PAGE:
By JOHN ROBERTSON
THE SIC has given itself six months to design a smaller, cheaper Anderson High School costing no more than £49 million.
Councillors were persuaded this week that a more-compact building sited lower down the Knab than previously envisaged could cost £14m less than the ambitious building unveiled to the public in March which they and their officials now agree is not value for money at its latest estimate of £63m.
The idea now is to have a detailed rethink over the next few months in partnership with the contractor O’Hare & McGovern’s architects with a view to submitting a planning application in December. The
latest delay effectively rules out any start on building work until spring next year at the earliest.
At Wednesday’s meeting of the Full Council, convener Sandy Cluness said the process was the quickest way to get the best-possible school for Shetland’s children, warning that with costs rising £250,000 a month he did not want to be sitting in the chamber in another two years still deciding what to do.
Members also backed an idea from services chairman Gussie Angus to appoint an experienced project manager to oversee the whole process from start to finish, as was done successfully by Shetland Amenity Trust when it built the Shetland Museum and Archives.
The school is also be taken more closely under the wings of Mr Angus’ committee over the coming months to ensure councillors keep a better grip on progress and problems.
He said the school – now in its 17th year of planning – had been characterised by council decisions based on seriously flawed advice, claiming that “all sorts of hobgoblins” had been charging around giving opinions which had ultimately led to councillors’ public humiliation due to the failure to get a new school built.
Under this fresh cost-cutting plan, the design will be simplified and space will be saved by shaving 10 per cent off the school roll the building is designed for, down from 1,100 pupils to 1,000 to reflect more closely the falling population of children. The current roll is about 900.
The cost of building a school in Shetland just now is put at £2,700 a square metre, according to SIC executive director of education and social care Hazel Sutherland in her report to members. Reducing the space for each pupil by five square metres to 60m² will save more money while still providing more room than at most other Shetland schools.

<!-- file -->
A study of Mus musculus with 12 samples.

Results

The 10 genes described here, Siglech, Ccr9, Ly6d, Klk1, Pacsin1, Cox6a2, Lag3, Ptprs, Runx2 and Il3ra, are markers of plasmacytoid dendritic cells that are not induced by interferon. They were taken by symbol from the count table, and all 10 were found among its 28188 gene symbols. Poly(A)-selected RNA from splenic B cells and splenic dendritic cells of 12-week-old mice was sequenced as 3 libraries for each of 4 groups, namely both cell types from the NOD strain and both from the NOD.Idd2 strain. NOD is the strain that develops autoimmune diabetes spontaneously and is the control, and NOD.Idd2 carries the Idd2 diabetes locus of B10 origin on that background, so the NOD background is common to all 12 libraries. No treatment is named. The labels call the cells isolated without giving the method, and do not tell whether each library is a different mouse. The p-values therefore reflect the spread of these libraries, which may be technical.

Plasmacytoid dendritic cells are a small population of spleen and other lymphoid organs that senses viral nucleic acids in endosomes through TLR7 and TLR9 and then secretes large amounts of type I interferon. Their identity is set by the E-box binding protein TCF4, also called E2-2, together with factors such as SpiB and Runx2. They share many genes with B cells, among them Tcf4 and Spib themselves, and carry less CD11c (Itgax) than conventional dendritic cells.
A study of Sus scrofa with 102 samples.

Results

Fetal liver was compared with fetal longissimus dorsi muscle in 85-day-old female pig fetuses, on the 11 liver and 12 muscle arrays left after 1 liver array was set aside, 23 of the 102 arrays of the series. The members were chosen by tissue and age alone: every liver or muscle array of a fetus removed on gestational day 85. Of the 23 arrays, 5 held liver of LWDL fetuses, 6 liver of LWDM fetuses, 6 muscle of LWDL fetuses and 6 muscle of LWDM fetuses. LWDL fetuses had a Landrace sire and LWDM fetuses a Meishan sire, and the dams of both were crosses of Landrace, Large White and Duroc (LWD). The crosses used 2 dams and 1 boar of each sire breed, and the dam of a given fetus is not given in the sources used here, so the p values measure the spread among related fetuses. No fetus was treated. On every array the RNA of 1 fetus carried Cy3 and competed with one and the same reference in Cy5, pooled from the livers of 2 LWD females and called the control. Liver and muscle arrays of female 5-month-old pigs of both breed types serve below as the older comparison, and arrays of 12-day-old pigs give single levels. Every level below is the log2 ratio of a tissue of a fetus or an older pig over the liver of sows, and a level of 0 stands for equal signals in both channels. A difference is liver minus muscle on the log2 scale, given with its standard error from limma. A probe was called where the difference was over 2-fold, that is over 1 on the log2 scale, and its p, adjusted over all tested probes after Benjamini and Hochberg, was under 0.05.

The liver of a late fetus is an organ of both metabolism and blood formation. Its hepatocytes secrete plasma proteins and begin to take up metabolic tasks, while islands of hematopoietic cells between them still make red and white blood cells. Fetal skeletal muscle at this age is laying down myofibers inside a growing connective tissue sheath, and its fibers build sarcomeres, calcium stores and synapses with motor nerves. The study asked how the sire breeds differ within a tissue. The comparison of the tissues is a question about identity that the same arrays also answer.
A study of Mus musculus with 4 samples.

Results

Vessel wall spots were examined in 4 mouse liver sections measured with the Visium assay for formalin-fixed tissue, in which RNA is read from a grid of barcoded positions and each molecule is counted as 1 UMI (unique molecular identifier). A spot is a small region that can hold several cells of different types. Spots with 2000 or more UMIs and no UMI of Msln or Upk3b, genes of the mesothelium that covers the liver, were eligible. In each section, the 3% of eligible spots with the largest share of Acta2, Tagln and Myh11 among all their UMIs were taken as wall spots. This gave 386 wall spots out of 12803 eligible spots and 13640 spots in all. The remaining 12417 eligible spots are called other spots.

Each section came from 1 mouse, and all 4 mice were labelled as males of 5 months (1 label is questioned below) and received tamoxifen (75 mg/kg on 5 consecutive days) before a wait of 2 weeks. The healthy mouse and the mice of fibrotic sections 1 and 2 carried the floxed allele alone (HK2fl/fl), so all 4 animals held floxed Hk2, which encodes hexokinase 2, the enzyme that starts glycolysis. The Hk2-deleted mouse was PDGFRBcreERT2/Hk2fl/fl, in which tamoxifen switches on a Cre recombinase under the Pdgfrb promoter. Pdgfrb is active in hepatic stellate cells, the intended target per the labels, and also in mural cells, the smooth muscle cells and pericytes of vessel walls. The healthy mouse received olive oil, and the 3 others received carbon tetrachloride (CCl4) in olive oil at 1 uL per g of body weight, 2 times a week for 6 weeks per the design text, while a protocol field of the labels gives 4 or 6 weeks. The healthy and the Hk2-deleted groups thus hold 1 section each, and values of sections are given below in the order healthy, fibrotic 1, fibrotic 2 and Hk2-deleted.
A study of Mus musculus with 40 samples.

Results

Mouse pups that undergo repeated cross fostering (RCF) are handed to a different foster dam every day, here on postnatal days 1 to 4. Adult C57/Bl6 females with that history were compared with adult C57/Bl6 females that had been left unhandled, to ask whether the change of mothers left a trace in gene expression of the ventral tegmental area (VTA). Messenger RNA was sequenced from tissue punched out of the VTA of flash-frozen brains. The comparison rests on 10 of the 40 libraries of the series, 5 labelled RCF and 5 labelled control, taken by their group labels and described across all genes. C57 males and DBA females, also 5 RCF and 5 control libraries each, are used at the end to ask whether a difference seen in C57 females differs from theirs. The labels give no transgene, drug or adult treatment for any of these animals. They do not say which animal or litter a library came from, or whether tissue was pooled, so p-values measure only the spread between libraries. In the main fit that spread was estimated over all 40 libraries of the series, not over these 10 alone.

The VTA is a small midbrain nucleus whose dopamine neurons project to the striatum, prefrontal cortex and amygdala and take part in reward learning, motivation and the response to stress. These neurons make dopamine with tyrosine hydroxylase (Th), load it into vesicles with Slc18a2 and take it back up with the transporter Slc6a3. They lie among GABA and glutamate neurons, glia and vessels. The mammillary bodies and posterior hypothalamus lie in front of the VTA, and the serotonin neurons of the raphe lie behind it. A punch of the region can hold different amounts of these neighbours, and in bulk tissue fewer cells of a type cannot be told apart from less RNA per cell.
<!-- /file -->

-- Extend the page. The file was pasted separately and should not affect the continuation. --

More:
It is also proposed now that no new games hall is built, the existing one being refurbished instead.
The council sees clear advantages in sliding the site down the hill, making it less exposed to gales and less intrusive on neighbours who protested about the last proposal. It would also avoid Knab Road having to be realigned, part of the golf course being built over and the public toilets and Blydehaven nursery having to be knocked down.
However, pushing the building much closer to the existing school could mean having to demolish the three-storey A Block, containing hazardous asbestos, while ensuring no disruption to pupils’ education. Investigations are to be made into buying or leasing temporary classrooms to house pupils should they have to be displaced.
Ms Sutherland said she hoped to find a way forward which requires neither demolition nor decanting of pupils into huts.
There was some attempt by one or two councillors to get the SIC to, once more, look at other sites away from the Knab. But it was a half-hearted effort, that battle now appearing to have been settled, mainly because another site would mean another delay of possibly two years.
The most realistic candidates are on the slopes of the Staney Hill behind the Clickimin Centre or on top of the Clickimin rugby pitch but they and others, such as Seafield, present various problems including requiring changes to planning zones, the need for new roads and services, hostels and a special needs building.
It would also mean squandering most of the £2.6m already spent on the school plan, which includes £1.5m on contractor costs and £724,000 on external and professional fees. A further £700,000 has been earmarked to pay for the work needed to complete a fresh design proposal over the next six months and getting it ready for planning permission.
The council first looked at sites for the new school in 1991. Clickimin was first choice for a time but in 2003 a decision was made to stay at the Knab. The following year the estimated building cost was put at £29.6m (£33m at today’s prices) but by 2006 it had grown to £48m.
Even refurbishing the existing school has a price tag of over £20m now and the deteriorating state of the complex is such that annual maintenance costs for this year are £600,000. Ironically, the troubled school chose the day before this week’s council meeting to publicise its ailing health, suffering another of its plumbing dramas when an iron heating pipe burst upstairs in B Block, sending water streaming through the ceiling into classrooms below, destroying roof tiles and causing other damage.